Rénovation urbaine, notion devenue péjorative à force de catastrophes et de frustrations, synonyme de démolition de logements et de déportation des populations pour un oui, pour un non, au nom des sacro-saints impératifs du développement anonyme et du commerce. Mais les citoyens se réveillent et exigent de plus en plus d'être des participants conscients et consultés, au niveau de ce «progrès» qui les concerne...
This feature-length documentary examines the reality of New York City in the 1970s, a place that had become a symbol of urban disaster. The 2 projects profiled attempt to tackle the problem of America’s biggest city: in a dilapidated part of the Bronx, a co-operative citizens’ movement tries to rejuvenate urban life; and WNET-TV uses its programming as an open forum for the public debate on urban issues.
This full-length documentary from the Challenge for Change program addresses housing issues affecting Montreal in the mid-1970s. As the city is restoring older apartments through direct action and government subsidies, new, low-rent housing is being integrated into old neighborhoods.
This bilingual film features the Commissioner of Official Languages and two intermediate school students. The Commissioner explains, in English and in French, the Official Languages Act, his duties and the activities of his Office under the Act. A number of light-hearted situations simulated in the film demonstrate how individual efforts can put Canada's two official languages on an equal basis.
A visit to the "Indians of Canada" pavilion at Expo 67, Montréal. Inside there are Indigenous artifacts, but even more arresting are the printed placards that tell the story of the Indigenous peoples in North America, written without rancor but recalling what their contact with European settlers has cost in freedom of movement, in loss of land, and in loss of health of body and spirit.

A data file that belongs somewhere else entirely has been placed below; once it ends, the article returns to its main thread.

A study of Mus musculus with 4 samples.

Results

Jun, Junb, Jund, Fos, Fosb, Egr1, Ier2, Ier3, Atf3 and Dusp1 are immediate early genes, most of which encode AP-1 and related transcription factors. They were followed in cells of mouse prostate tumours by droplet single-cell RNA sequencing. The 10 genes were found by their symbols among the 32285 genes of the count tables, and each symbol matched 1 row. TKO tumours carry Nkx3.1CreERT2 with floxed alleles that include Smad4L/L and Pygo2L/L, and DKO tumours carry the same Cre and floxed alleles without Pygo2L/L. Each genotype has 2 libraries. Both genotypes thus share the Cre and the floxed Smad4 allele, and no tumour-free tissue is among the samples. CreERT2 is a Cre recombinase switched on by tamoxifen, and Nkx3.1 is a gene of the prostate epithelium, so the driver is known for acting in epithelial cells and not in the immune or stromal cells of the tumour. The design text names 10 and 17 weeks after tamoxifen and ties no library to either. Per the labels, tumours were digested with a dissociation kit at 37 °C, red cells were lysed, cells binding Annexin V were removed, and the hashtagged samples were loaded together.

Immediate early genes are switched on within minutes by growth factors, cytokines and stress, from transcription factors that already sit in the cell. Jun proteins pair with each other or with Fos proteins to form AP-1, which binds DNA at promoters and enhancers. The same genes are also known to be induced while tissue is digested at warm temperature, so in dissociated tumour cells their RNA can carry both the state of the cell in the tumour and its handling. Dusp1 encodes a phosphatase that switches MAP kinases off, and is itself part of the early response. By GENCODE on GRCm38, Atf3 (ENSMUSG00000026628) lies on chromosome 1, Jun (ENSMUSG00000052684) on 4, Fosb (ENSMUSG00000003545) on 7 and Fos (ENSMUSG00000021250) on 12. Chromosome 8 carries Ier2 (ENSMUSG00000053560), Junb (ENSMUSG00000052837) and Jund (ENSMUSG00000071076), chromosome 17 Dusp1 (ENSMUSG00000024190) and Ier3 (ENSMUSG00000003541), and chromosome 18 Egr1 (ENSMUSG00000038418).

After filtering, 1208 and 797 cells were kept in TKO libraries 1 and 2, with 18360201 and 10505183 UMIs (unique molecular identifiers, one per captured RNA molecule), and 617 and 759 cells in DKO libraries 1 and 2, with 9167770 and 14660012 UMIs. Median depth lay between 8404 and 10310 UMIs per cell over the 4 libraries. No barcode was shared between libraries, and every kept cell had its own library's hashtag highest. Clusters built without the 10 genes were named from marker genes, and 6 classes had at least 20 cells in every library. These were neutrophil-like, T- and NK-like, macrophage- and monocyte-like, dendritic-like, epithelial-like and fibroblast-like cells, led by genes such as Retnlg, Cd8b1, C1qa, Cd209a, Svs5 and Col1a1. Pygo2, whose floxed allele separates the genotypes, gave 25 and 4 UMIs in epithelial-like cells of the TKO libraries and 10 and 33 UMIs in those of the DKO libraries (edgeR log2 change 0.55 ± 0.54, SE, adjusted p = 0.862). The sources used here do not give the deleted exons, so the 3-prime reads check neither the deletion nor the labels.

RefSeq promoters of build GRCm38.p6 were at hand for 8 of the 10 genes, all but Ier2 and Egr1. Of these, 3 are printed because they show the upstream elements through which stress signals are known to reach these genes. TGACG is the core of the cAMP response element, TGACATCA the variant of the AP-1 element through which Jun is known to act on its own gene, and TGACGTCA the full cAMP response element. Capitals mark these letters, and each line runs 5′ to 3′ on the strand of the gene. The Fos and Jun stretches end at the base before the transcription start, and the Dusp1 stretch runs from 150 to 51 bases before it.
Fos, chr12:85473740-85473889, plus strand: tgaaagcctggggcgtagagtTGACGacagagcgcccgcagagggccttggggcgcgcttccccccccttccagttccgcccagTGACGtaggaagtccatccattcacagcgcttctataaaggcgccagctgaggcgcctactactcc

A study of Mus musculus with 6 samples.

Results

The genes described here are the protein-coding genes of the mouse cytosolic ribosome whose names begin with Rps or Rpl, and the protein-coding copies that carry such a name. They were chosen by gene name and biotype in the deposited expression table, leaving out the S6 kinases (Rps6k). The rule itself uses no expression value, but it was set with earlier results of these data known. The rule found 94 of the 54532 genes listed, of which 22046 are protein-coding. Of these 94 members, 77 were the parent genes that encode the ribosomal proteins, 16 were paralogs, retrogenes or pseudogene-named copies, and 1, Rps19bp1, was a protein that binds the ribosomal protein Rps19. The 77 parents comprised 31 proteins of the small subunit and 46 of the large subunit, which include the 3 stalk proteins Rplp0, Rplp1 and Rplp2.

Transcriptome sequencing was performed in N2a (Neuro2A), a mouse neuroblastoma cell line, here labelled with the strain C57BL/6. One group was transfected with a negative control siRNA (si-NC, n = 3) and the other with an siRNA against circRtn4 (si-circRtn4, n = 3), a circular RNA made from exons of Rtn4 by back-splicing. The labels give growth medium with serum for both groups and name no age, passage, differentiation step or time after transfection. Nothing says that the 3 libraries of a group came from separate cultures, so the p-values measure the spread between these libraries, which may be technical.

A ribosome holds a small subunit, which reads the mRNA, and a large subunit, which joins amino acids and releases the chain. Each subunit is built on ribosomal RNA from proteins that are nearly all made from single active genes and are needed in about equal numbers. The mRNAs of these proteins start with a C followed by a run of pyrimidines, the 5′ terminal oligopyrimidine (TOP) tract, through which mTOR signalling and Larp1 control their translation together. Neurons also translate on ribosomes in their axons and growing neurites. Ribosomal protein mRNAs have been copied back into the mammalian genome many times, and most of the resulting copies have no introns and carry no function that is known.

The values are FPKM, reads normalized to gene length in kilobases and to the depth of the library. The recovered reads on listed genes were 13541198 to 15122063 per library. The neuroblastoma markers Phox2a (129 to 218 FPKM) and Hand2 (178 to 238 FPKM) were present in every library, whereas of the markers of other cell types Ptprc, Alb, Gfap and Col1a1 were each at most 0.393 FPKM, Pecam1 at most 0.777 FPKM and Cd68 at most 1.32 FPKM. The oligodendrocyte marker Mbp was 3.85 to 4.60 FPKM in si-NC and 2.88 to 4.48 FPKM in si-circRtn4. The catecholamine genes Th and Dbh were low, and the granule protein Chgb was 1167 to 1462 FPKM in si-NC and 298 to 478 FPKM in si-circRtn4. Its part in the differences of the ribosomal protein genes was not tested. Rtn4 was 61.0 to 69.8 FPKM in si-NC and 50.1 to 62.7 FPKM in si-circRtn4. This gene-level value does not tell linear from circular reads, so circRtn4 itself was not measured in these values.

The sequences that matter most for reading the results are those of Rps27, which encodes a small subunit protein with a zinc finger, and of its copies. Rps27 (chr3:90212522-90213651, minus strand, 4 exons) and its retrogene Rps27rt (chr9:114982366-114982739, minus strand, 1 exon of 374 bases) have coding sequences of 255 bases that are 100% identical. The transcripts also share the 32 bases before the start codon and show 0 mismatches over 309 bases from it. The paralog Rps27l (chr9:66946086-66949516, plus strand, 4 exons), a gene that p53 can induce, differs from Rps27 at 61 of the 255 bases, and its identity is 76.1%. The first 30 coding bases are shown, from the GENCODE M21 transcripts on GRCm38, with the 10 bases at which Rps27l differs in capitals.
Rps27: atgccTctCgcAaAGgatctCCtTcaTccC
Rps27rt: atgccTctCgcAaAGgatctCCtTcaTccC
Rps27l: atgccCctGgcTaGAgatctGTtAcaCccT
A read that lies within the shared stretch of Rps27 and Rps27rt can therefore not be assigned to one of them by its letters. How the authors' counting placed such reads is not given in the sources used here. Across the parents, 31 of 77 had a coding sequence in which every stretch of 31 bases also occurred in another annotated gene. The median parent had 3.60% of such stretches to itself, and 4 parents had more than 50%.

This feature documentary offers a shocking look at the living and working conditions of Haitian agricultural laborers in the Dominican Republic. Each year, some 20 000 workers cross the border to cut sugar cane, lured by promises of good money. Instead, they toil up to 14 hours per day and live in unhealthy, cramped camps without running water, electricity, medical or educational facilities.
In this experimental animated short, Ryan Larkin (Walking) creates a series of figures who move across the screen and disappear into a hole. Eventually, the hole metamorphoses into a bridge, on top of which stands the young man from whom the others figures originated.
This feature documentary takes us to the heart of the Jane-Finch "Corridor" in the early 1980s. Covering six square blocks in Toronto's North York, the area readily evokes images of vandalism, high-density subsidized housing, racial tension, despair and crime. By focusing on the lives of several of the residents, many of them black or members of other visible minorities, the film provides a powerful view of a community that, contrary to its popular image, is working towards a more positive future.
This short documentary is part of a series hosted by American historian, sociologist, philosopher of technology, and literary critic Lewis Mumford, who was particularly noted for his study of cities and urban architecture. This episode explores the tension and mutual dependence of urban and rural areas. History shows that cities thrive best when they live in harmony and balance with the countryside. How can this balance be maintained or restored in sprawling metropolitan regions? The film is a revealing portrait of the discourses of urbanization that were circulating in the middle of the 20th century, including the development of what we know today as the suburbs.
This short documentary is part of a series hosted by American historian, sociologist, philosopher of technology, and literary critic Lewis Mumford, who was particularly noted for his study of cities and urban architecture. In this episode, Mumford meditates on the “ugly and savagely debased surroundings” of the industrial cities that sprung up in formerly empty rural areas during the Industrial Revolution. Mumford juxtaposes the squalor of the working poor with the relative safety and security of the wealthy. He asks what can be done to address “the spirit of social hopelessness” that thrives in the overcrowded slums where a city’s poorest residents live.